B. R. (Bob) Hamlin passed away on April 22, 2020 at his home in Tarrant County. He will be buried in the Pavelka Cemetery near Mart and the graves of his parents.
Bob was born on March 15, 1937, in a farmhouse in a cotton field near Lorena, Texas. He was the son of Katherine and Louis Hamlin. Most of his youth was spent in Central Texas, and he graduated from Mart High School in 1955, having reached his goal of reading every book he could check out of the school library. Bob joined the U. S. Marine Corps shortly after graduation and was assigned to an Intelligence unit because he was the only one in his recruiting group who knew how to type. (Thanks, Mart High School!) The highlight of his time in the Marines was a tour to Japan, where he and Mount Fuji became acquainted. He returned to the states, serving at Cherry Point, where he met a life-long friend, Art Stokes, ran track and led Bible study groups with young men. Upon his honorable discharge from the Marines as a Sergeant in 1959, Bob returned to Central Texas and enrolled in Baylor University. As there was no GI Bill at that time, he paid for his college education by working as a dorm counselor and by assisting a handicapped roommate. Bob graduated from Baylor in 1962 with a Bachelor of Science degree and a double major in English and Physics. He took his first job teaching English and Math at LaVega High School. He was offered an opportunity to do advanced study at the University of Hawaii but found the island to be a bit claustrophobic. He did accept an offer from the University to participate in a geophysical group mapping the western states for future oil explorations, preferring the wide, open spaces there.
After Bob's daughter Amy was born, he and her mother decided to return to Texas, where they both worked for Mobil Oil Corporation, Bob in the office of patent counsel. He found working for a large corporation frustrating and decided to return to teaching. He worked in Dallas ISD for 15 years and was one of the first white teachers at an inner-city school where 99% of the students were black. He had a hard time convincing his students that he had done what none of them had ever done; chop and pick cotton in his youth. While teaching, he earned a Master of Arts in Teaching at the University of Texas at Dallas in 1980.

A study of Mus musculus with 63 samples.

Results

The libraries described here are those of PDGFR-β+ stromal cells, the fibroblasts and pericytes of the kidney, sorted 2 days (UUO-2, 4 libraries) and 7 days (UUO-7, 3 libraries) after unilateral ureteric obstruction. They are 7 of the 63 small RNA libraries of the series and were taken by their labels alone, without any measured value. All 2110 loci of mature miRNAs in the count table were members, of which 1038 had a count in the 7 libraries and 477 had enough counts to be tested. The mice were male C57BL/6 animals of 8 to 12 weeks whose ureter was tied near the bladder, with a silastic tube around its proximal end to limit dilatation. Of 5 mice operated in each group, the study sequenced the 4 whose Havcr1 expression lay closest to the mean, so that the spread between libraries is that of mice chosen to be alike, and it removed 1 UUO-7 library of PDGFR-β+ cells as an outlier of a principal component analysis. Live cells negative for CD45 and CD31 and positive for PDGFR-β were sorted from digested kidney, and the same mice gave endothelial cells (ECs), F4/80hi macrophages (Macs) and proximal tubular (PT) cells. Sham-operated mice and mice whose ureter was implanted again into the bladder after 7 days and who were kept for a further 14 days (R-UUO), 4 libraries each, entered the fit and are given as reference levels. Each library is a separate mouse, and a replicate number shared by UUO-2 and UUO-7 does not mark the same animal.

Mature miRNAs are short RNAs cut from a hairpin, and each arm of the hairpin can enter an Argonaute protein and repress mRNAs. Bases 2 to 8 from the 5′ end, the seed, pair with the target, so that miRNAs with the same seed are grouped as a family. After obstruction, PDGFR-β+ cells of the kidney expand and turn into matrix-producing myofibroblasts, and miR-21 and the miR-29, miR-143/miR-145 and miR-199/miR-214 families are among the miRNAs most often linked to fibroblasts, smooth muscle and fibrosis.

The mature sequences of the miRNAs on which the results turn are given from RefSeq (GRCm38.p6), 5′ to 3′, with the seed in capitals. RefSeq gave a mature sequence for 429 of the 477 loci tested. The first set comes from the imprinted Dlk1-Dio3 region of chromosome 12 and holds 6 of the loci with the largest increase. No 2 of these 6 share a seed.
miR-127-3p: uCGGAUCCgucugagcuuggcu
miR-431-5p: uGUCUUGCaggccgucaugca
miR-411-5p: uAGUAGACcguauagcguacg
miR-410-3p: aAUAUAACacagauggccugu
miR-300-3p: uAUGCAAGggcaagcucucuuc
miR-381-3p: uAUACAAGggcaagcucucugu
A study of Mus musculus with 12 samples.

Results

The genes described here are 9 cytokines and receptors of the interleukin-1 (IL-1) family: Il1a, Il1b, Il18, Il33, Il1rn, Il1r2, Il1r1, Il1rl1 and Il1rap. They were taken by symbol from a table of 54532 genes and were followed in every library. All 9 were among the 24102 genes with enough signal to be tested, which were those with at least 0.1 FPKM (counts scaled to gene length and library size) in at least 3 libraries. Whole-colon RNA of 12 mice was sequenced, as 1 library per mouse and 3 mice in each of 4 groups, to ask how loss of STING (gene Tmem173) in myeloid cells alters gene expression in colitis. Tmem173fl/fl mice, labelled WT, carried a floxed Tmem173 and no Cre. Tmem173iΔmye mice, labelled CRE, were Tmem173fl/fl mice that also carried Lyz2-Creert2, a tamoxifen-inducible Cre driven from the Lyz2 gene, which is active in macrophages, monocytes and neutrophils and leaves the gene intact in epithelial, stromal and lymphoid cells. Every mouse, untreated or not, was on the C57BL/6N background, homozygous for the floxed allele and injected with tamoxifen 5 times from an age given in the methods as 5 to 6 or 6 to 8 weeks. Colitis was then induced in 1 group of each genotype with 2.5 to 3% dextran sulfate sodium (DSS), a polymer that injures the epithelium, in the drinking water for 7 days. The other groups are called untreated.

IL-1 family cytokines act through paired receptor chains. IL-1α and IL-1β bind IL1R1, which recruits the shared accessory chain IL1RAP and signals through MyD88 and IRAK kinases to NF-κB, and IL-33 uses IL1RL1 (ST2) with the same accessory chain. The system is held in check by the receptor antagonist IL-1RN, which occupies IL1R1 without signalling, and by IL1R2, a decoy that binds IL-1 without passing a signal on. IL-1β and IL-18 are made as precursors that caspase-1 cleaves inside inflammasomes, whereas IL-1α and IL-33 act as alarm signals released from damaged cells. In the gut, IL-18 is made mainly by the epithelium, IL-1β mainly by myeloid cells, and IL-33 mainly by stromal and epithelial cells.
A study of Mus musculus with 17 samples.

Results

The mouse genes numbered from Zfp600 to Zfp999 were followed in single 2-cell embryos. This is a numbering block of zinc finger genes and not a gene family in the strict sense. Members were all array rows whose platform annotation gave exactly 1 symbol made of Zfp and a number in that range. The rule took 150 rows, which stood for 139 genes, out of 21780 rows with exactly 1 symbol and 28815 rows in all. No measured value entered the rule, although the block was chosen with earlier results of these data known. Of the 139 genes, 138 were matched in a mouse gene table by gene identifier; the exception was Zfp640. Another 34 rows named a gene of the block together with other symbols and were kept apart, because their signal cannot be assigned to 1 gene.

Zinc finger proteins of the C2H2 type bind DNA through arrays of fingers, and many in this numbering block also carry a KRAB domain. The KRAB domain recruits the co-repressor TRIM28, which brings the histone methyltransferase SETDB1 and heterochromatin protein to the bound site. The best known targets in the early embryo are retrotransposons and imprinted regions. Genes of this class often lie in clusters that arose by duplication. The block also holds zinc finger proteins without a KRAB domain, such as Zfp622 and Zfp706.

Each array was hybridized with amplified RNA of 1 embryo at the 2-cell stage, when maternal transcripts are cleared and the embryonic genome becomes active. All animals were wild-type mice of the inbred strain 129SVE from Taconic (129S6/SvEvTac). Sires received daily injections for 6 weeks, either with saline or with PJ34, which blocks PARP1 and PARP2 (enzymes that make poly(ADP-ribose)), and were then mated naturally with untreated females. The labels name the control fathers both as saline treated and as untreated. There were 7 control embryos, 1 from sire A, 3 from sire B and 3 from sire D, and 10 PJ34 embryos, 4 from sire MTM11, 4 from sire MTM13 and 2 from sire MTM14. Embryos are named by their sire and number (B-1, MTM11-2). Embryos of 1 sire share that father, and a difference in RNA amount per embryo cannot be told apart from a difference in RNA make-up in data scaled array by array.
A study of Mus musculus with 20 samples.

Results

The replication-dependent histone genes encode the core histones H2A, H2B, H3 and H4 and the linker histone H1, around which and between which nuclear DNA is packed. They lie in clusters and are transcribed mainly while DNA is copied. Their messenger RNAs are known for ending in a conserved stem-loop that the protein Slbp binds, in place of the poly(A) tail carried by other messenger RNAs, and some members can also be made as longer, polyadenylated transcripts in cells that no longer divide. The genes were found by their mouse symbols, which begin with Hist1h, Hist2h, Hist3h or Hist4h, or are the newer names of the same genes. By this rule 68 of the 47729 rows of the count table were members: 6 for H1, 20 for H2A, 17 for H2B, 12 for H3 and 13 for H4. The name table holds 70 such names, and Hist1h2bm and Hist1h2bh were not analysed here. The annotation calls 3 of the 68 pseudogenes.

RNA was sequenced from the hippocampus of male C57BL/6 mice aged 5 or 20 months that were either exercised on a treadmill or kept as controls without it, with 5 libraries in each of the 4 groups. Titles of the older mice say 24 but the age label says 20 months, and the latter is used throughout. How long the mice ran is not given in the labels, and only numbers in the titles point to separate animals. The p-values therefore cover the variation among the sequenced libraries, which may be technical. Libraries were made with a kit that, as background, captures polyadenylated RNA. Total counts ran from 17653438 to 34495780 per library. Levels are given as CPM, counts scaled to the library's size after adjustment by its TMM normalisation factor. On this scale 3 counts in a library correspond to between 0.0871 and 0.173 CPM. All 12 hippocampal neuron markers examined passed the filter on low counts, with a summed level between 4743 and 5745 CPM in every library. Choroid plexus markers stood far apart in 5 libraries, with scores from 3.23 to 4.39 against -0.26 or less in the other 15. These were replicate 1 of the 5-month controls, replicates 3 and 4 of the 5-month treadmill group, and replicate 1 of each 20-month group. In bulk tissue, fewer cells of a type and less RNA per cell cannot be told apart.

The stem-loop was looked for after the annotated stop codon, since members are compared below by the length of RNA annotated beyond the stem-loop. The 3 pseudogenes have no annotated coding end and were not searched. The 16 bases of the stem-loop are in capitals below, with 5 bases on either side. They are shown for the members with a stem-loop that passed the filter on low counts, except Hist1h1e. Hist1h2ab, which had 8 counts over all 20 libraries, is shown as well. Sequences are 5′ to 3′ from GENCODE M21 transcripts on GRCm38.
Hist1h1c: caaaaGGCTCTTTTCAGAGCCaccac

Always interested in building things, Bob tried his hand at restoring an old house on Windomere in the Kessler Park area of Dallas. It was chosen for an Old Oak Cliff Conservation League tour, which brought him acclaim as a craftsman and general contractor for other projects. From that time on, he was in great demand for his skills and knowledge of how to bring out the best in older homes. As his family matured, he looked for new challenges. He and his wife Margaret bought a property in the Crest Point addition, near Eagle Mountain Lake, where he worked his magic to create a beautiful home out of one that was bordering on derelict when they bought it.
Bob was a lover of literature, art, music, and especially Gothic architecture. He visited numerous cathedrals in Europe and England and climbed to the highest point allowed in most of them, mainly to study how they were constructed.
Bob spent his last years working in what became known as “Hamlin Gardens” on his Crest Point property and volunteering at the Fort Worth Botanic Gardens in his spare time.
Bob is survived by his wife of 48 years, Margaret Carpenter Hamlin, his daughter Amy Hamlin Nutt, her husband Danny, Laurie Thompson Rose, and Allen Wayne Thompson. The three “kids” furnished him with seven grandchildren and (so far) eight great-grandchildren.